Here we go again. It’s stating the obvious to say that no one wants to deal with another storm, but here we are. At this point, the only thing we can hope is that Maria stays far enough south of the Sint Maarten/Saint Martin that the impact to the island is minimal.
— NHC Atlantic Ops (@NHC_Atlantic) September 18, 2017
Here is the latest information from the National Hurricane Center.
Maria has intensified into a category three hurricane. Winds are sustained at 120 mph (195 km/hr) and the storm is located at a longitude 14.7N and latitude 60.1W moving west/northwest at 10 mph. The slow moving nature of the storm contributes to it’s ability to continue to strengthen as it moves. In addition, slow moving storms have a tendency to cause more intense flooding with higher rainfall amounts due to the extended exposure to the storm.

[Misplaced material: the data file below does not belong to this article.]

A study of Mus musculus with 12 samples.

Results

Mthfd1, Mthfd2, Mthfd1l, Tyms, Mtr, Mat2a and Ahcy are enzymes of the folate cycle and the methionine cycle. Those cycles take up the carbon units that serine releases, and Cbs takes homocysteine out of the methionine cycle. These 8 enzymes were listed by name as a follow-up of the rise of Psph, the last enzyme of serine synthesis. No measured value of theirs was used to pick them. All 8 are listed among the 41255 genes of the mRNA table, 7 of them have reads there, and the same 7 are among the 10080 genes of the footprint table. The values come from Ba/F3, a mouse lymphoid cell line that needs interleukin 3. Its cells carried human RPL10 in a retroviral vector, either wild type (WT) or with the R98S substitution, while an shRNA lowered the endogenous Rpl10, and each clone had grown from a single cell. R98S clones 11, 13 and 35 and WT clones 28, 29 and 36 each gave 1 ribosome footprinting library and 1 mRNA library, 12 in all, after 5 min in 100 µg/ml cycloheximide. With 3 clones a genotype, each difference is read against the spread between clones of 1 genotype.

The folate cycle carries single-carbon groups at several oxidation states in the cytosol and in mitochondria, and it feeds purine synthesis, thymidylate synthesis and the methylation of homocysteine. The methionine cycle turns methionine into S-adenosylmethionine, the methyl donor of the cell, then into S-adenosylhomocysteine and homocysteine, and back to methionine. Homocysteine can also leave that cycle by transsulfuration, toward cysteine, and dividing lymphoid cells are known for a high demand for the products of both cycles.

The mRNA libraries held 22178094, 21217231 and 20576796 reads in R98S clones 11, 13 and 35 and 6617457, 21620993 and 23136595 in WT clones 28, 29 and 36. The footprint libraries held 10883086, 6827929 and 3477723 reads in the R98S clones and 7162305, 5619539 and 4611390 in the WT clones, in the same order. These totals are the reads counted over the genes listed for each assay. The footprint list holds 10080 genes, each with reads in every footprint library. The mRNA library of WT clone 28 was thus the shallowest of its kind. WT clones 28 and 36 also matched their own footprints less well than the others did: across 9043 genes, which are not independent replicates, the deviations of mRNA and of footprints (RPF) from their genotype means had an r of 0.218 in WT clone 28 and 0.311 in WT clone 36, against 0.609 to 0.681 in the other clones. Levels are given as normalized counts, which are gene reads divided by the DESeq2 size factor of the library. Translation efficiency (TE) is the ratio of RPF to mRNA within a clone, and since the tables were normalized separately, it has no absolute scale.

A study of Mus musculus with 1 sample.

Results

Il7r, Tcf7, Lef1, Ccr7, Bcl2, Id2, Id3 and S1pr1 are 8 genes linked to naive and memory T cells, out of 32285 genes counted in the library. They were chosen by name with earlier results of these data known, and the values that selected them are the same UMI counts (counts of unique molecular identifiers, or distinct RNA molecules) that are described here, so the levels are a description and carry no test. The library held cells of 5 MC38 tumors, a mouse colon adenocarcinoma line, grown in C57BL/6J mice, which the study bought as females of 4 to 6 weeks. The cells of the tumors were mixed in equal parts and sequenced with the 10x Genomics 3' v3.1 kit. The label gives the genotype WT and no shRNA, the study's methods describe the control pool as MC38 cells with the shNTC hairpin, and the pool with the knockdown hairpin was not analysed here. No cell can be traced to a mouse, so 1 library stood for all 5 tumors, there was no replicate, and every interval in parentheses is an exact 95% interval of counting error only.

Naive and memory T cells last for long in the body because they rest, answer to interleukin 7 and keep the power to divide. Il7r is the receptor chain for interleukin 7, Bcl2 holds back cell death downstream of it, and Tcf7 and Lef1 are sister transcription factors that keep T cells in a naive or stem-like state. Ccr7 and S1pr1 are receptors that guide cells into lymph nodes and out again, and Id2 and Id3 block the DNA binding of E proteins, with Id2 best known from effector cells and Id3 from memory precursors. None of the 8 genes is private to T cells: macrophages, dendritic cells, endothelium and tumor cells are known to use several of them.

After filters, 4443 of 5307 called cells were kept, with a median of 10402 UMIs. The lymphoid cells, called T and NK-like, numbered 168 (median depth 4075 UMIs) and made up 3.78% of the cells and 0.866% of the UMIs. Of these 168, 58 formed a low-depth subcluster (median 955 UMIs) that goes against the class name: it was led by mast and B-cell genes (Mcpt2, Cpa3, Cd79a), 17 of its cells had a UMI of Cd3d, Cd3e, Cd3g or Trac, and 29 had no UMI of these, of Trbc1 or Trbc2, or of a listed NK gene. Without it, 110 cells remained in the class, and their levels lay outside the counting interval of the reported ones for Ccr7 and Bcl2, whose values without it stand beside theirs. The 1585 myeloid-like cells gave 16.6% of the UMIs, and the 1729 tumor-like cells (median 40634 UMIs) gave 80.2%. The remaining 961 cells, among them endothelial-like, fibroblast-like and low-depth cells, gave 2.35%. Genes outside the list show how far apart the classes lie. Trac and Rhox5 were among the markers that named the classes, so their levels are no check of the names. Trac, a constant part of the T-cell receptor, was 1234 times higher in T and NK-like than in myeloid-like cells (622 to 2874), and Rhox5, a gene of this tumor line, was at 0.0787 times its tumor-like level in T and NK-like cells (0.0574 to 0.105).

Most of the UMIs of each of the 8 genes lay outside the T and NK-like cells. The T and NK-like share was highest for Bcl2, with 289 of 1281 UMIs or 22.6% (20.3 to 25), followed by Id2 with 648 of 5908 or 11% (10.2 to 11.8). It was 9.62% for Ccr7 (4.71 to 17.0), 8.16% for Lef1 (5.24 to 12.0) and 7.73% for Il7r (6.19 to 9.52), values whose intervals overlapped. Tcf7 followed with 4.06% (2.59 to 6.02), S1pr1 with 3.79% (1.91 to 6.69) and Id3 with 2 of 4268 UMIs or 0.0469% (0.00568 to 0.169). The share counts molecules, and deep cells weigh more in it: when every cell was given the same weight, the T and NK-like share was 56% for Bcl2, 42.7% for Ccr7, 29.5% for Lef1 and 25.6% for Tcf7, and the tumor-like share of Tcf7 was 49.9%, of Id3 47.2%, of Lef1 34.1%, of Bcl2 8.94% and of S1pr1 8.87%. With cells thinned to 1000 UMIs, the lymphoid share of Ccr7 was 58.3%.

Sint Maarten and Saint Martin are both under a hurricane watch. Per the NOAA’s National Hurricane Center, a Hurricane Watch means that hurricane conditions are possible within the watch area. A watch is typically issued 48 hours before the anticipated first occurrence of tropical-storm-force winds, conditions that make outside preparations difficult or dangerous.
In addition, Sint Maarten is now under a tropical storm warning. A Tropical Storm Warning means that tropical storm conditions are expected somewhere within the warning area.
Hurricane conditions are possible on the island Tuesday through Wednesday, with tropical storm conditions possible later today or tonight. Storm surge is expected to be 6 to 9 feet in the hurricane warning area.
Maria is also expected to produce total rain accumulations of 2 to 4 inches with isolated maximum amounts of 8 inches over the remaining northern Leeward Islands from Barbuda to Anguilla. The rainfall could cause life-threatening flash floods and mudslides.
Click here for the full advisory from the NHC.